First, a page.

Health Care Trends - Around Florida
» The Cough Doctor
For most people, a cough is just a temporary nuisance that comes on quickly because of a common cold or other viral infection and goes away within a week or two. But for others, a cough can become a chronic problem that lingers for months or years and interferes with their daily life.
“It’s a debilitating problem. These patients, when we interview them, say, ‘I’m depressed. I’m anxious. I don’t want to go out or attend church or go to the theater because I’m afraid I’ll cough.’ So this isn’t just a nuisance — it really has significant consequences,” says Dr. Mandel Sher, who has expanded his practice by creating a niche treating patients suffering from chronic cough and throat clearing.
A specialist in asthma, allergy and immunology as well as pediatric rheumatology, Sher says he uses an interdisciplinary approach to treating patients who come to his Center for Cough in Largo. He says he can do virtually all the same tests that a pulmonologist, gastroenterologist or ENT would do in trying to diagnose a chronic cough patient.
Sher says chronic cough is usually caused by one or two underlying problems, the most common of which are asthma, postnasal drip, gastro-esophageal reflux disease and ACE inhibitors, which are a type of blood pressure medication. Some people — women, in particular, he says — are also “hardwired for coughing” because they have a heightened cough reflex. Identifying the causes and treating each one, he says, is the key to getting long-term relief. Depending on the cause, treatment can range from medication to diet changes, other lifestyle changes and voice exercises.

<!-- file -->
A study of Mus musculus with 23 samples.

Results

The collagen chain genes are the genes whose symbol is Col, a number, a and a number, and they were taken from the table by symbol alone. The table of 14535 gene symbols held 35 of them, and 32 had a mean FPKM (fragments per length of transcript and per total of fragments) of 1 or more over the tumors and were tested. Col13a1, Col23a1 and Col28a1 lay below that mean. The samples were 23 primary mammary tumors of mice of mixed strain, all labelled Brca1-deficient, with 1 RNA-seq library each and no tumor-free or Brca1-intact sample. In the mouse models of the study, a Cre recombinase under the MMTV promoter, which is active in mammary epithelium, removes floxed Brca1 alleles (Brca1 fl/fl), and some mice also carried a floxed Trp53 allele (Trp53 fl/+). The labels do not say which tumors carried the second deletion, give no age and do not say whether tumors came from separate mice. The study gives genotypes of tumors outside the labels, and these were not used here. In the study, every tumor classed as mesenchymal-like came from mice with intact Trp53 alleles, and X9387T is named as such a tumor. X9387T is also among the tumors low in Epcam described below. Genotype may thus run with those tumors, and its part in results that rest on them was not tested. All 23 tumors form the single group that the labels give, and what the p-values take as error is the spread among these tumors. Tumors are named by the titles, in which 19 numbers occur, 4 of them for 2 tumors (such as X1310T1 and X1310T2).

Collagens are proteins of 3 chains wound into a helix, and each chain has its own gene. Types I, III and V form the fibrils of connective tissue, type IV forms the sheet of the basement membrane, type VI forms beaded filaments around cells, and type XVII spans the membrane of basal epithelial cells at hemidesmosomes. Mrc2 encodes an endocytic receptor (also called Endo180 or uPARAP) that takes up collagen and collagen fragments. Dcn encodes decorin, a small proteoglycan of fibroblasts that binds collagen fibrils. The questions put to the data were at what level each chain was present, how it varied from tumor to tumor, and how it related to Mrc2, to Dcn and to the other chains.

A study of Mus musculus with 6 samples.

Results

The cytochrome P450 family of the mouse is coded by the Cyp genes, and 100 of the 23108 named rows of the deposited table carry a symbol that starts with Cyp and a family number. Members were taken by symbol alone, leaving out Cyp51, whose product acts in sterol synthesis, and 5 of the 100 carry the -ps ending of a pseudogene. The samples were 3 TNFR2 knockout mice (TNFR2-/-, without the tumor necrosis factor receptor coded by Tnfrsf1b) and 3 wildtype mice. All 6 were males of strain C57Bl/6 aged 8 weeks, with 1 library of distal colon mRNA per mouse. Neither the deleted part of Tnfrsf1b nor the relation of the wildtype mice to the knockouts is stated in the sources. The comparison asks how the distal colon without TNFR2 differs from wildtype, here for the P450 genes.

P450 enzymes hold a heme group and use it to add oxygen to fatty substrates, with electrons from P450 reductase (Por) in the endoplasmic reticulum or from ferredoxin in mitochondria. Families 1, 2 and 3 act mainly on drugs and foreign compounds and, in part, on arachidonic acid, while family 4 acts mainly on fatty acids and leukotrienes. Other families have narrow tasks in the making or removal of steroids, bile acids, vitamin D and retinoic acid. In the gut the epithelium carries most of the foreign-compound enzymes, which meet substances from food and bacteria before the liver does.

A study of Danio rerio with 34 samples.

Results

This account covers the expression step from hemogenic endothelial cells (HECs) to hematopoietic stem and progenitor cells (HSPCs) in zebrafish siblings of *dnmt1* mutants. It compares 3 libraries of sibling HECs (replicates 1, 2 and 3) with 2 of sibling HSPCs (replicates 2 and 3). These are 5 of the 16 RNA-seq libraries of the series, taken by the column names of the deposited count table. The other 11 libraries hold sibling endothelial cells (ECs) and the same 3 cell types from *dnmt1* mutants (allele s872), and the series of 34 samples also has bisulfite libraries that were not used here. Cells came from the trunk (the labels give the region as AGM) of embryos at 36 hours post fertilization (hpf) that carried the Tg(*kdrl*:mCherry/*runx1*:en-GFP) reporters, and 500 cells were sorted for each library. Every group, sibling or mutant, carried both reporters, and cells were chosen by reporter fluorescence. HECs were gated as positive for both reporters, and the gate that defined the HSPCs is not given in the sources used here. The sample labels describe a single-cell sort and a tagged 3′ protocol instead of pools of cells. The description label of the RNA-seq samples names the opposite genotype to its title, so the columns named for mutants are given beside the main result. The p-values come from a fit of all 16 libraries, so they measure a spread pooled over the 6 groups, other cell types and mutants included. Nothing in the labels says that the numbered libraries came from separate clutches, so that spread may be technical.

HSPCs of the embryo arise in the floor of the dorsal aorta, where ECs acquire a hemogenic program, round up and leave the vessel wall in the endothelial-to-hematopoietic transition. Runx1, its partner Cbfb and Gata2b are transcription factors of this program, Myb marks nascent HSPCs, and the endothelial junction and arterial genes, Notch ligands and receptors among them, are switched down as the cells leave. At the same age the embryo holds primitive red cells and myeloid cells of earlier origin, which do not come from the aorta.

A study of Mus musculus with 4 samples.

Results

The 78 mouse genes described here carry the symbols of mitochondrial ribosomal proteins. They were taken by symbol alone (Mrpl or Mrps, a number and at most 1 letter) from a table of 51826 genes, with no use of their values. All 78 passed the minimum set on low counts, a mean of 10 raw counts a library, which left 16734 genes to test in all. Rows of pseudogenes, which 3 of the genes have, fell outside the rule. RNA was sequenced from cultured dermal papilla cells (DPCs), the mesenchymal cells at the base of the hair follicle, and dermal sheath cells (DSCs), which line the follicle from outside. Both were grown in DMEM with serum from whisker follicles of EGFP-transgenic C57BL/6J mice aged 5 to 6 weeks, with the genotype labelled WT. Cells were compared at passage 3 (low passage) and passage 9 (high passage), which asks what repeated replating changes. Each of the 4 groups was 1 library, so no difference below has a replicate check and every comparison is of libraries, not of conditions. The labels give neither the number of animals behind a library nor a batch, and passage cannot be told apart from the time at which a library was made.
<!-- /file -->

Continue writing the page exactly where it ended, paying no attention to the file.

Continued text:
Sher says he sees several patients each month at his Center for Cough, housed within his allergy practice, but says it’s gaining traction primarily through the internet and word of mouth. Most important, he says, his patients are seeing results. Most report a cure, or at least significant improvement, within one or two visits, he says.
» Domestic Violence Screening
There were 111,681 reported domestic violence offenses in Florida last year. It’s estimated, however, that more than 25% of all cases of domestic abuse go unreported.
“Most of the time, the patients who are victims are not telling because they are afraid and you can see it in their body language,” says Ademola Adewale, an emergency medicine physician at Florida Hospital, which has partnered with Harbor House of Central Florida, an Orlando shelter for victims of domestic abuse, in launching a domestic violence screening app that will help health care personnel identify people in danger or at risk of being harmed.
The R3 app uses four screening questions to assess whether a patient may be a victim of abuse. Adewale says Florida Hospital plans to incorporate the app into the triage process in the ER when medical personnel are taking down a patient’s history and that it will eventually be built into the hospital’s electronic medical record system.
Patients who are identified as being at-risk can then be referred to the appropriate community advocacy services for help.